One of the key tenets of behavioral finance is loss aversion theory — the idea that investors feel the pain of losses much more acutely than they feel the pleasure derived from gains. This is one of the few areas where the psychological, irrational tendencies of behavioral finance actually square up well with sober, rational mathematics.
As we will illustrate in this blog post, minimizing losses is more important to the ultimate success of an investment plan than maximizing gains.
A Miracle in Reverse
In a previous blog post, Growth Creates Growth, we explored the power of compounding returns. If an investment is allowed to grow at a constant rate, the appreciation of wealth accelerates.
However, the “miracle” in the miracle of compounding returns depends upon a constant rate of growth. Losses, or negative returns, can throw an investment plan off course and severely impact the ending value of the investment. And just like compounding growth impacts wealth in an exponential, non-linear fashion, so do losses.
As before, the best way to demonstrate this point is via a simple, theoretical example. The following graph illustrates the impact of losses on a theoretical investment of $100,000, in both dollar terms and stated as percentage returns.
When we start off, the relationship between losses and percentages is simple and straightforward: a loss of 10% is $10,000, a loss of 20% equates to $20,000, and a loss of 50% represents $50,000. Nothing surprising there.
However, once we start talking about the returns necessary to get our depleted account back to our starting value of $100,000, the dollars and the returns start to diverge. Simply put, the larger the losses, the larger the gains have to be to recover the losses. An investment worth $90,000 needs to return 11.1% to get back to $100,000, not 10%. An investment worth $80,000 needs a 25% return to break even, not 20%. And an investment worth $50,000 needs to return 100% to get to $100,000.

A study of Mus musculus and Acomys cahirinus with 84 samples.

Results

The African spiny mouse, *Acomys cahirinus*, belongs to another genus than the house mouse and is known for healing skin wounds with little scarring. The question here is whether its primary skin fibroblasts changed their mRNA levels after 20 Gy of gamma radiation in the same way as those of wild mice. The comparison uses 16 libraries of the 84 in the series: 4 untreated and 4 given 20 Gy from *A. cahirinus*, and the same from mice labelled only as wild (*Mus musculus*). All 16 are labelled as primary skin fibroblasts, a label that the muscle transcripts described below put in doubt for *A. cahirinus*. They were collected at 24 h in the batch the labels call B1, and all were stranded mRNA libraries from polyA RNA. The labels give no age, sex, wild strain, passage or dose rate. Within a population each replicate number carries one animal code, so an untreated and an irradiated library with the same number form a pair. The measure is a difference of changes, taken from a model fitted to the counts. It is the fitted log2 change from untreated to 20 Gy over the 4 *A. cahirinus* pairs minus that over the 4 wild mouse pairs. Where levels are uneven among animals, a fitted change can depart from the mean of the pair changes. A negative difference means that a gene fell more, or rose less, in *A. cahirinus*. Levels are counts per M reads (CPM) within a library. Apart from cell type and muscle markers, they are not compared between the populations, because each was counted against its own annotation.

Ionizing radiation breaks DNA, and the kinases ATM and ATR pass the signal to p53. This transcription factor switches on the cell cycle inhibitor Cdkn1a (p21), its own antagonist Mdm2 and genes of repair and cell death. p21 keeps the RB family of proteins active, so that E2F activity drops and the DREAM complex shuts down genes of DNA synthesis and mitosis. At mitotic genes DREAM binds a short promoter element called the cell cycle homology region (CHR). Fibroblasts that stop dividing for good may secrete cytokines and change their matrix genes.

The graph below illustrates the returns needed (in green) to compensate for the losses discussed previously (in blue). While losses increased in a straight, linear fashion, the gains needed to recover from those losses do not; they grow at an exponential rate. In plain English, the deeper the hole, the more difficult it is to work your way out of it.
Granted, this is a simple, theoretical example used to prove a point: that losses are more important than gains, everything else being equal.
What implications does this have for real-world investing?
Many investors are obsessed with the idea of “beating the market.”
Outperforming the S&P 500 is too often the only measure many investors look at when determining the success or failure of an investment strategy. The clamor for beating the market becomes especially pronounced during a long bull market after memories of the last bear market start to fade. In such environments, investors myopically focus on the last one, three, and/or five years of market returns and are disappointed when anything — diversified portfolios, different asset classes, contrarian strategies, etc. — fail to outperform “the market.”
However, the job of outperforming the market becomes much easier if losses are minimized in the first place.
The graph below is from Crestmont Research and illustrates this phenomenon.
The rightmost portion of the diagonal line states that if an investor experiences all of the market’s losses, then the investor will also need to capture all of the market’s gains in order to match the market.
That much should be obvious. However, the left-most portion of the diagonal line shows that if the investor avoided all of the market’s losses, then they would only need to capture 26% of its gains in order to match the market returns over the long-term.
Of course, it is unlikely that anyone invested in the market would experience 0% of its losses. Realistically, the focus should be on the middle of the graph. In the middle of this range, an investment with a 40% down capture needs a 55% up capture to match the market. Moreover, an up capture in excess of 55% would see the investment outperform the market over the full-time frame.